Obituaries

Marian Hurley
D: 2018-01-15
Raymond Sorrentino
D: 2018-01-12
Herman Chieffalo
D: 2018-01-11
Louis Vitale
D: 2018-01-10
Mildred "Merle" Peloso
D: 2018-01-08
Edward Graff
D: 2017-12-30
Vincent "Winky" Vetter
D: 2017-12-28
Paul Toscano
D: 2017-12-20
Jean Palughi
D: 2017-12-19
Antonio Campanelli
D: 2017-12-18
Salvatore Trocchia
D: 2017-12-15
Marie Haag
D: 2017-12-14
Popie Pirovolos
D: 2017-12-14
Mary Boornard
D: 2017-12-13
Ioannis Christopoulos
D: 2017-12-13
Maria Harkis
D: 2017-12-09
George Pagnoni, Sr.
D: 2017-12-07
Daniel Marzano
D: 2017-12-05
Atanasio "Tom" Scourtsis
D: 2017-11-25
Vincenzo Russo
D: 2017-11-24
Rosemary Fuscaldo
D: 2017-11-24


When you talk about grief, one of the most overused phrases is that “the loss of a loved one is never easy.” Yes, I will agree that losing someone is difficult and the grief can be overwhelming. But this is not the worst kind of pain. When someone important in your life passes away, it hurts. But what hurts even more, is having to watch them go.

I want to share with you my battle with grief. In September of 2015, my wife Janice was diagnosed with ALS. And that was the day that everything changed, and my journey with grief began.

hospital grief during terminal illness

Janice was the love of my life. We first started dating when we were fifteen years old, and we stayed by each other’s side for 58 wonderful years. She gave me three beautiful and healthy children, traveled the world with me, and could change my day with a simple peck on the cheek. I loved everything about her. And I think about her every day.

When Janice was first diagnosed, the doctors estimated she had about two years left. Unfortunately, our time was cut short, and she was gone in six months. Those six months were the hardest of my life. I had to sit back and watch my soulmate drift away, and there was nothing I could do to stop it.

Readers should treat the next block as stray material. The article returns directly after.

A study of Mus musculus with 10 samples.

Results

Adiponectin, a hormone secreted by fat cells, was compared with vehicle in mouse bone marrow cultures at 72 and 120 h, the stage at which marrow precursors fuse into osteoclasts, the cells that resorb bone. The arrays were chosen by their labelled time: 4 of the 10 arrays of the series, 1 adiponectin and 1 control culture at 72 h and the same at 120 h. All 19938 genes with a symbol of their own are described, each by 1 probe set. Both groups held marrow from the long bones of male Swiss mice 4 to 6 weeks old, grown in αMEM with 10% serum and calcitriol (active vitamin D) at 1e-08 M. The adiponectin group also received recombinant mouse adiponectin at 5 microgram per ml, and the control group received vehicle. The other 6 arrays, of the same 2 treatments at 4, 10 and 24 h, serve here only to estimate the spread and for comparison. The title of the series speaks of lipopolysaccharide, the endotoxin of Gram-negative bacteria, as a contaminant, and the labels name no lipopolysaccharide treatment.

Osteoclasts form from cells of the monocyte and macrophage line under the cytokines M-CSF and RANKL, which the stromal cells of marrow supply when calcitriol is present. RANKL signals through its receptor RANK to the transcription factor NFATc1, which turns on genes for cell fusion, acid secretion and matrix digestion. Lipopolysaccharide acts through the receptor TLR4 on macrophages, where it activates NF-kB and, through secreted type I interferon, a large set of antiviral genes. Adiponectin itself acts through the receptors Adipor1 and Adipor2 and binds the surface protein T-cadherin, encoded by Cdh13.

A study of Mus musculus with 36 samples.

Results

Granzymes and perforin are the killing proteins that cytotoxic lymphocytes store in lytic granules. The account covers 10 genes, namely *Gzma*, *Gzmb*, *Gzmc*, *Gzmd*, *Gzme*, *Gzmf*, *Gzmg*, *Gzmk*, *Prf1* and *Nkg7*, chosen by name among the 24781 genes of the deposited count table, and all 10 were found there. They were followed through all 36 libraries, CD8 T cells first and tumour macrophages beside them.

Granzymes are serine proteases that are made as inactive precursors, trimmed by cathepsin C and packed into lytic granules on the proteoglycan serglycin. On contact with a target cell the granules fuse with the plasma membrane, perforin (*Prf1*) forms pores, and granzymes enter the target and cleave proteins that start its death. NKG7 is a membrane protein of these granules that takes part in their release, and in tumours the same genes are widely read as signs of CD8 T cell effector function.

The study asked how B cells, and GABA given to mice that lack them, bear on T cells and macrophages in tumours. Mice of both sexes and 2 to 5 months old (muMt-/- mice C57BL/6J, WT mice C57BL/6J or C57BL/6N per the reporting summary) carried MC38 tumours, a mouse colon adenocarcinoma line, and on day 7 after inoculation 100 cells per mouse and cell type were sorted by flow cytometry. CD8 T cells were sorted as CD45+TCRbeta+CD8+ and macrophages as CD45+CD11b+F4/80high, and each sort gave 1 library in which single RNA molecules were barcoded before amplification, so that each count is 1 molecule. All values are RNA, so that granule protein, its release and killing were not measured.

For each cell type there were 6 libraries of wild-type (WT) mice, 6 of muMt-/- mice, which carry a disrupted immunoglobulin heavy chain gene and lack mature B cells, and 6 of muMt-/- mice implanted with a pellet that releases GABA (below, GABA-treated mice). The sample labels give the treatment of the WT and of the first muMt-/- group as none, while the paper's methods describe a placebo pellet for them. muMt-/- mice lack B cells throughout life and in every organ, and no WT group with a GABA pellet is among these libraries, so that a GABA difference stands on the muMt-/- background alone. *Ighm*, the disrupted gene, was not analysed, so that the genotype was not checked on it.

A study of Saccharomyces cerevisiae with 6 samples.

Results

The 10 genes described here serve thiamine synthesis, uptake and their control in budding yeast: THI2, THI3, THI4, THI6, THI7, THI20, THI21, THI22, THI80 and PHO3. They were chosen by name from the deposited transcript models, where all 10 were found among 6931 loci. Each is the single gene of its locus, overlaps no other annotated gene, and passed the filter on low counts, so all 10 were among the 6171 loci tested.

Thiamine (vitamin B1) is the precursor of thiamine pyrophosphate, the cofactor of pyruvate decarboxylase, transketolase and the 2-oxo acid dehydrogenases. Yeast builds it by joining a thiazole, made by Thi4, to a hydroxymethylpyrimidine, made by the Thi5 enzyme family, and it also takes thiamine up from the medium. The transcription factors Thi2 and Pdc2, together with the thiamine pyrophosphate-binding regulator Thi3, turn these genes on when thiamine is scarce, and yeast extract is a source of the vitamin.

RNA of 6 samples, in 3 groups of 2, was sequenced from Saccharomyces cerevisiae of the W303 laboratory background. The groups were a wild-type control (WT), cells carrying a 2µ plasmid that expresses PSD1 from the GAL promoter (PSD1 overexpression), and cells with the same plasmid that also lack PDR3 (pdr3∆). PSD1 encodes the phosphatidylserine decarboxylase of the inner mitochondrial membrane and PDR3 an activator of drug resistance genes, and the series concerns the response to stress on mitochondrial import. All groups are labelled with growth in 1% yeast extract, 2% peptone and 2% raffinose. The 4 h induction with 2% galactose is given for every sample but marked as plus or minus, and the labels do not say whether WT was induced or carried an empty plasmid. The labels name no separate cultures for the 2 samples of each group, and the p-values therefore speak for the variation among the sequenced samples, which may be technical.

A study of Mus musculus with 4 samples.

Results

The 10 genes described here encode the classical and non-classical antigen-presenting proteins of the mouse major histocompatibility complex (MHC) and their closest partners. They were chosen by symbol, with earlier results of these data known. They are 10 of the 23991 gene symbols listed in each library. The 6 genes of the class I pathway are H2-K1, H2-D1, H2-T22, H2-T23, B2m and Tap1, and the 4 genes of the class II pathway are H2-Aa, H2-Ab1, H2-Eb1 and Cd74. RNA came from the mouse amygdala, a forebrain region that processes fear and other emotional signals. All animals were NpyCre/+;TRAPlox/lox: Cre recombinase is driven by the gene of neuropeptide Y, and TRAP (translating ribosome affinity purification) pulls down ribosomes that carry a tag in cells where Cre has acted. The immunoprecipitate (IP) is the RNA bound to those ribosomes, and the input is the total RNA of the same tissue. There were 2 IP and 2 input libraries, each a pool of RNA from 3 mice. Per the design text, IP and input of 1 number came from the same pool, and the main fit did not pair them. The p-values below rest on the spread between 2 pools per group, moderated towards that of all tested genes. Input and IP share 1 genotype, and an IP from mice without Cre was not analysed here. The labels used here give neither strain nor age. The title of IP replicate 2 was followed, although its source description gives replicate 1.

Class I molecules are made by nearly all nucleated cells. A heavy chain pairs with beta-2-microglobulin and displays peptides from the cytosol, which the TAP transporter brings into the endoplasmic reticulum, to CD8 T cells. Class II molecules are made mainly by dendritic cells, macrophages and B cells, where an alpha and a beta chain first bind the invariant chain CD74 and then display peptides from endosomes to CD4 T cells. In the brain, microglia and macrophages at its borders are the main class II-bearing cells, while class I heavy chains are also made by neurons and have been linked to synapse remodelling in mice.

Dealing with grief during those six months was hard, but I made it through. The following are tips for how to cope when a loved one has a terminal illness.

 

1.)    Acknowledge Your Grief

Plain and simple, you’re losing someone and it hurts. Acknowledge the situation and accept it. By doing so, it can help you understand your situation and the emotions you’re feeling. Creative outlets like painting or photography are two positive ways to work through these feelings and express your feelings.

 

2.)    Reflect on your remaining time

The inevitable is coming, so make the remaining time count. Think about the different ways you and your loved one can spend time together. While their illness may limit what you can do, doing little things together will mean so much more.

 

3.)    Communicate

Communication is so crucial at this time. You are not the only one grieving. Consider how other members of your family are feeling and talk with them about it. More importantly, talk with your loved one who is ill. They may be scared or overwhelmed, so it’s important to know how they feel, so you make the remaining days better. If they’re up for it, consider talking about end of life wishes. Asking how they want to be remembered and celebrated can ensure you give them a meaningful goodbye.

 

4.)    Use Your Support System

Everyone grieves differently, but it helps to know that people are there for you. Make sure you work with the people that want to help you. While some people may be averse to it, meeting with a counselor can be very beneficial. A counselor can help you work through your emotions and offer advice for dealing with grief.

 

5.)    Don’t Assume Anything

Grief affects everyone differently. Don’t assume that because you knew your loss was coming that the pain will subside any faster. Don’t assume that because the doctor says they have so many days left that that number is set in stone. Don’t assume that people don’t care because they don’t seem upset. Make the time you have together count and know that there are people surrounding you who care.

 

If you have any questions about dealing with grief, please do not hesitate to contact us. A member of our staff would be happy to assist you and offer additional resources and support that are available.